New "Heart Attack Gene" Discovered
Researchers have found a previously undiscovered gene variation that reduces heart attack risk, and the discovery could lead to better treatment of high cholesterol and related disorders.
The finding, by a team from the University of Michigan and the Norwegian University of Science and Technology, took six years of analysis.
The investigators, whose finding was reported in the journal Nature Genetics, scanned genetic information from thousands of Norwegians, focusing on variations in genes that affect the risk of heart disease. Most of the genes they found were already known to do so.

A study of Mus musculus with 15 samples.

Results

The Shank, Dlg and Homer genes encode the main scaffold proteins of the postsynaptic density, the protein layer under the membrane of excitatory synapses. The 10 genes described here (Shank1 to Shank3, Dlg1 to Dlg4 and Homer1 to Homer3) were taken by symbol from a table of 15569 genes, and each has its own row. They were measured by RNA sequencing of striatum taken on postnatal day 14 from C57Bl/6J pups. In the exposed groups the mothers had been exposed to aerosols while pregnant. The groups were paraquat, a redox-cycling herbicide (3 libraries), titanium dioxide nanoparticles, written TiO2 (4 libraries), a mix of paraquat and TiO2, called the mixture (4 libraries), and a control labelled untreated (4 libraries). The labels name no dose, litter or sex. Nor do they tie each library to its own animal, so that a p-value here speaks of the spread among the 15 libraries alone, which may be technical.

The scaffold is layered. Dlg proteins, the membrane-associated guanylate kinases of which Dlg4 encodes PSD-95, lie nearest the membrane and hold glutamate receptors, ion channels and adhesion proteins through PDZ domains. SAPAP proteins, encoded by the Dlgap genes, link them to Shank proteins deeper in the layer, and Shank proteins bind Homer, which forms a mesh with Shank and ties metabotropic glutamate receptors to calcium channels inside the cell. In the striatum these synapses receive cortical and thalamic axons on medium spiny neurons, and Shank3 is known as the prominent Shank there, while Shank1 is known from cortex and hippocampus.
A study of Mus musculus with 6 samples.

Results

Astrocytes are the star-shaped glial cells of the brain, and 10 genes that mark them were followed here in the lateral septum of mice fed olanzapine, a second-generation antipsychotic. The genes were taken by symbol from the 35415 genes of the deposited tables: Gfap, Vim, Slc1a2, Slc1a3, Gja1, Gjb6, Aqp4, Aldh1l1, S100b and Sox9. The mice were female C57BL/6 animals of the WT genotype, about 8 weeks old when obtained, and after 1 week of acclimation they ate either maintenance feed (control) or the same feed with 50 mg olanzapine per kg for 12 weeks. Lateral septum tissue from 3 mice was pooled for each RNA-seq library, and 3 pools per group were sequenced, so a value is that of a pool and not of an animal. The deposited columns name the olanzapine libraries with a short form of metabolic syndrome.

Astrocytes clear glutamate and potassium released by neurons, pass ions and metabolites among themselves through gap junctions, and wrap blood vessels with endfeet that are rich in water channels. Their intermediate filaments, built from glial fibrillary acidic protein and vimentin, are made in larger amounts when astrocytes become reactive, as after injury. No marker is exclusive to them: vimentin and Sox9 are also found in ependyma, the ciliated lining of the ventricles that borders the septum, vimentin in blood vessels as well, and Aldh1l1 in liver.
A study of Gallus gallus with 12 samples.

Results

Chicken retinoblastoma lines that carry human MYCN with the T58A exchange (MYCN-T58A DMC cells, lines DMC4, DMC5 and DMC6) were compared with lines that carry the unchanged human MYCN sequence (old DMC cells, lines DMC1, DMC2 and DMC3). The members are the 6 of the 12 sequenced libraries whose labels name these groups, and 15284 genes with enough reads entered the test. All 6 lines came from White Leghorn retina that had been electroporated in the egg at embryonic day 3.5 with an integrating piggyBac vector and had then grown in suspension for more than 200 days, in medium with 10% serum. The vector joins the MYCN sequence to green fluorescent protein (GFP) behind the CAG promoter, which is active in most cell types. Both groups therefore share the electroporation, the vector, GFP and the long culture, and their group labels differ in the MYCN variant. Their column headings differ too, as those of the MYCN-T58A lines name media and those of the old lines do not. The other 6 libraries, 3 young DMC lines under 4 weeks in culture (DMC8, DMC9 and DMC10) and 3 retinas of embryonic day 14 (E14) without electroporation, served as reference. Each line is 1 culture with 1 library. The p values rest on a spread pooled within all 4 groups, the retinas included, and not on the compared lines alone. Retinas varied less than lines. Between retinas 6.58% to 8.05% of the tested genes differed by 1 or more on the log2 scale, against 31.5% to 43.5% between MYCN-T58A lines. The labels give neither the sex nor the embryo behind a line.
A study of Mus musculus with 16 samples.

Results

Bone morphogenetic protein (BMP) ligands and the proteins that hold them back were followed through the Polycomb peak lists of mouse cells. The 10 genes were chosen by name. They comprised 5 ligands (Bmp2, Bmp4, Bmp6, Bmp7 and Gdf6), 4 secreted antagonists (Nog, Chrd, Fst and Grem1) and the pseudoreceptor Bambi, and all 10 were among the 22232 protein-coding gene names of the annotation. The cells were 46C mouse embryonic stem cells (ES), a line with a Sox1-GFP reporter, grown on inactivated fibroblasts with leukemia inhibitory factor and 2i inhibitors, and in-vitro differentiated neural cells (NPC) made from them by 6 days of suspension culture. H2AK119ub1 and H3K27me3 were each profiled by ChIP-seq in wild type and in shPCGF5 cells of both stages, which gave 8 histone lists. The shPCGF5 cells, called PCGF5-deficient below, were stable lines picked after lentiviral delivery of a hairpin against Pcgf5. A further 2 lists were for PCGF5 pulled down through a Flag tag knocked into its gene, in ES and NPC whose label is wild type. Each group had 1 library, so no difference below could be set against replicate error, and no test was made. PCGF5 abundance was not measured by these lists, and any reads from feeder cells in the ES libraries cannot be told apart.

But one gene, called TM6SF2, hadn’t been known to affect blood lipids. Yet among a minority of the participants who carried a particular change in that gene, blood lipid levels were healthier. Those subjects also had a lower heart attack risk. The same results held true in a study of mice.
“Cardiovascular disease presents such a huge impact on people’s lives that we should leave no stone unturned in the search for the genes that cause heart attack,” says Cristen Willer, Ph.D., the senior author of the paper and an assistant professor of Internal Medicine, Human Genetics and Computational Medicine & Bioinformatics at the U-M Medical School.
“While genetic studies that focused on common variations may explain as much as 30 percent of the genetic component of lipid disorders, we still don’t know where the rest of the genetic risk comes from,” Willer adds. “This approach of focusing on protein-changing variation may help us zero in on new genes faster.”